Saturday, October 8, 2016

"We did what had to be done" in combat

Once in a while someone says something completely stupid about PTSD. While they may care about the troops and our veterans, it becomes obvious they did not care enough to learn much about them.  

When folks lined up to start repeating "22 a day" and how they were raising awareness, I'd argue with them about the numbers and what the VA report actually said. That was when I'd hear the words that made me hang up the phone. "Its just a number" they said defending their use of someone else's anguish.

So how is it they survived combat but could not survive when they were back home? 

We may see them as heroes, but they say they were just doing their jobs. We may see them as victims, but they see themselves as survivors. We may see them as someone to feel sorry for but they discovered the truth and found the power within all they still had to give.

From Residual War, Something Worth Living For by Kathie Costos DiCesare

Alarm clock shows 3:15 near the window where she is standing looking out.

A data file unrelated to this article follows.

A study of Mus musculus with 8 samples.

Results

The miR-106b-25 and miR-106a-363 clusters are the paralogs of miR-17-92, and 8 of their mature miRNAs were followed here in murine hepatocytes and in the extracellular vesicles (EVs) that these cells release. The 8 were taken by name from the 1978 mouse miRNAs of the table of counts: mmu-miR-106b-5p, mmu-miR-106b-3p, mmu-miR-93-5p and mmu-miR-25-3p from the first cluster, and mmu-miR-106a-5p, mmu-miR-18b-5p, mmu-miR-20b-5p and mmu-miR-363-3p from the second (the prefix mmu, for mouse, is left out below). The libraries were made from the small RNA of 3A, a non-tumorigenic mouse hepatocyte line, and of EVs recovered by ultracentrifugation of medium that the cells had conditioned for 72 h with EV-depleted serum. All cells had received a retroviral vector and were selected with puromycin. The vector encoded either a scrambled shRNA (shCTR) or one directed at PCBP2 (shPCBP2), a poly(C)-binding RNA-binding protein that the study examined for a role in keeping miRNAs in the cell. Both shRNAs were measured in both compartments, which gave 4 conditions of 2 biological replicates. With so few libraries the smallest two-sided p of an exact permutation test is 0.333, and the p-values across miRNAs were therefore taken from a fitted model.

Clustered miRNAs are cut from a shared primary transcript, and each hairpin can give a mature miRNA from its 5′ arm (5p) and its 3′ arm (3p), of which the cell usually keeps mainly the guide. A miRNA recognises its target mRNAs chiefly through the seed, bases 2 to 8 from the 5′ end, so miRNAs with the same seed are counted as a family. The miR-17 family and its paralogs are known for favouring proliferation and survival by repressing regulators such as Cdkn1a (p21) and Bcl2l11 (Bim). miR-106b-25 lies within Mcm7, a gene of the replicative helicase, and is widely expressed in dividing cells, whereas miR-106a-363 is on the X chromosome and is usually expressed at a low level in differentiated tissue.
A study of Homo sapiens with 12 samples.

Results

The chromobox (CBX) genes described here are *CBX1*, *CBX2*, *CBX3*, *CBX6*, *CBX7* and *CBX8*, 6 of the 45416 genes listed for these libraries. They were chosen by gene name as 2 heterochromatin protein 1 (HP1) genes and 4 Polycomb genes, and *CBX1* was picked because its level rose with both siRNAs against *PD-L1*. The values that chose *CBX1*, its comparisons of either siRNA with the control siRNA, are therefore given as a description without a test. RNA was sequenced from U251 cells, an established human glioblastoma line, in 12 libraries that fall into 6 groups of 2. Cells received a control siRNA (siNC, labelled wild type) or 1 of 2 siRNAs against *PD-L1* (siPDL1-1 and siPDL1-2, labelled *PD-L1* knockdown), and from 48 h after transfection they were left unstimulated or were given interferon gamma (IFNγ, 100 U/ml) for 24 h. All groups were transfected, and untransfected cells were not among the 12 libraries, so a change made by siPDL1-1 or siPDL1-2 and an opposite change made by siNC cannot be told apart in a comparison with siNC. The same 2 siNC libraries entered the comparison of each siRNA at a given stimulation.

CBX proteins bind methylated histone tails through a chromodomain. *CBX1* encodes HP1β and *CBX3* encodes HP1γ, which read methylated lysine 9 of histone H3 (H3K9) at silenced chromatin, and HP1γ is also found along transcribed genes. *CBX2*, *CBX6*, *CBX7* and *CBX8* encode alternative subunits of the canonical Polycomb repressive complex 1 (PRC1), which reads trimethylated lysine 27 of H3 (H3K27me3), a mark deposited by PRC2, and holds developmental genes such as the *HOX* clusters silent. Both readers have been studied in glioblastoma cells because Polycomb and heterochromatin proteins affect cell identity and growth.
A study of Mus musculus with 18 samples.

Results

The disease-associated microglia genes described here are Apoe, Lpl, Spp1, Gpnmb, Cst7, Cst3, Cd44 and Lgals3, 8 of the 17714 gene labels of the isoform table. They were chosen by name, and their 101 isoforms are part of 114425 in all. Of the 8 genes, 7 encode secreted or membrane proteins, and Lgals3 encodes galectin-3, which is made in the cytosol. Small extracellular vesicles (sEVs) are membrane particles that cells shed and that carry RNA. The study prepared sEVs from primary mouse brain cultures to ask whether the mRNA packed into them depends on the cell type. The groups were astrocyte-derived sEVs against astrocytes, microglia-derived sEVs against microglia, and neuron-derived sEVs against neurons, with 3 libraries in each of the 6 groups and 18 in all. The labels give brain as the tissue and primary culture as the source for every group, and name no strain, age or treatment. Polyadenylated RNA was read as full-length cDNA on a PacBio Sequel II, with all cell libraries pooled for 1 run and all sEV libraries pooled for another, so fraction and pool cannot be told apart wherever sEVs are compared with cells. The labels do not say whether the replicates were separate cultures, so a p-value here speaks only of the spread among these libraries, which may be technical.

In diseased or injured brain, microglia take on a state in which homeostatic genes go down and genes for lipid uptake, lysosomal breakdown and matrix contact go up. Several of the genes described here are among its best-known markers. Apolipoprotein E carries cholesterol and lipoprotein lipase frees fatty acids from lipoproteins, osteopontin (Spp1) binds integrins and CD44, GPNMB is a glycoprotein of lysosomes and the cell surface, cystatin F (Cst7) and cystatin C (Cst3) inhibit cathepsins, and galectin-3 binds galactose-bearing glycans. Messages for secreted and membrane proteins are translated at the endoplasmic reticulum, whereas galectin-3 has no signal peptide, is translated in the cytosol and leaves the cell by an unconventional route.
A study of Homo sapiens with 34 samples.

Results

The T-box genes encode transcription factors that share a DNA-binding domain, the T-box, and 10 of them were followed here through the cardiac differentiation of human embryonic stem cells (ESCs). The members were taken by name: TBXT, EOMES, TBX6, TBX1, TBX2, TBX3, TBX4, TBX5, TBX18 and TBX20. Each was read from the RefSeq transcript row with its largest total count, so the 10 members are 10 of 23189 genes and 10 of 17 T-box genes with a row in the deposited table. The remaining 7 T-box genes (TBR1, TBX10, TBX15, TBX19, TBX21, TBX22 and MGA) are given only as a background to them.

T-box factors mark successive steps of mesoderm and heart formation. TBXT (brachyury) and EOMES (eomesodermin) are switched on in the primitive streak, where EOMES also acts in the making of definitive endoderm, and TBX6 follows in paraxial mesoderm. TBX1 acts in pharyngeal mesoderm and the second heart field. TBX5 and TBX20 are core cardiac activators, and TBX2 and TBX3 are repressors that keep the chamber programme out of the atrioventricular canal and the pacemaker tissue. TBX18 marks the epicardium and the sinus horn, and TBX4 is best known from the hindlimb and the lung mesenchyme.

The soldiers were in their rooms.
Michaels paces the floor
Alvarez is sleeping with his machine gun by his side.
Franklin is sitting on the side of the bed. Elbows on knees, head down in his hands. 
Daniel's room was empty
Shultz is in bed with glow of cell phone on his face.
Bean and Murray are sleeping in the same bed. Bean has arm around Murray as his legs are moving and he is whimpering.
Daniels is walking around as if on patrol.
Faith is in fetal position, shaking with tears coming out of his eyes.
The next day all of them were talking about how they ended up at Fort Christmas. Each one of them had proven themselves as heroic and human. They had heard all the rumors about PTSD but they survived the causes while idiots spread gossip.

"So you see ma’am every one of us did something for the right reason without thinking about what the consequences would be because it had to be done."

"It had to be done" and it was done over and over again. They did it because everyone they served with in Afghanistan and Iraq were worth dying for. The trouble was, none of them had found something worth living for until someone else proved to them their own worth.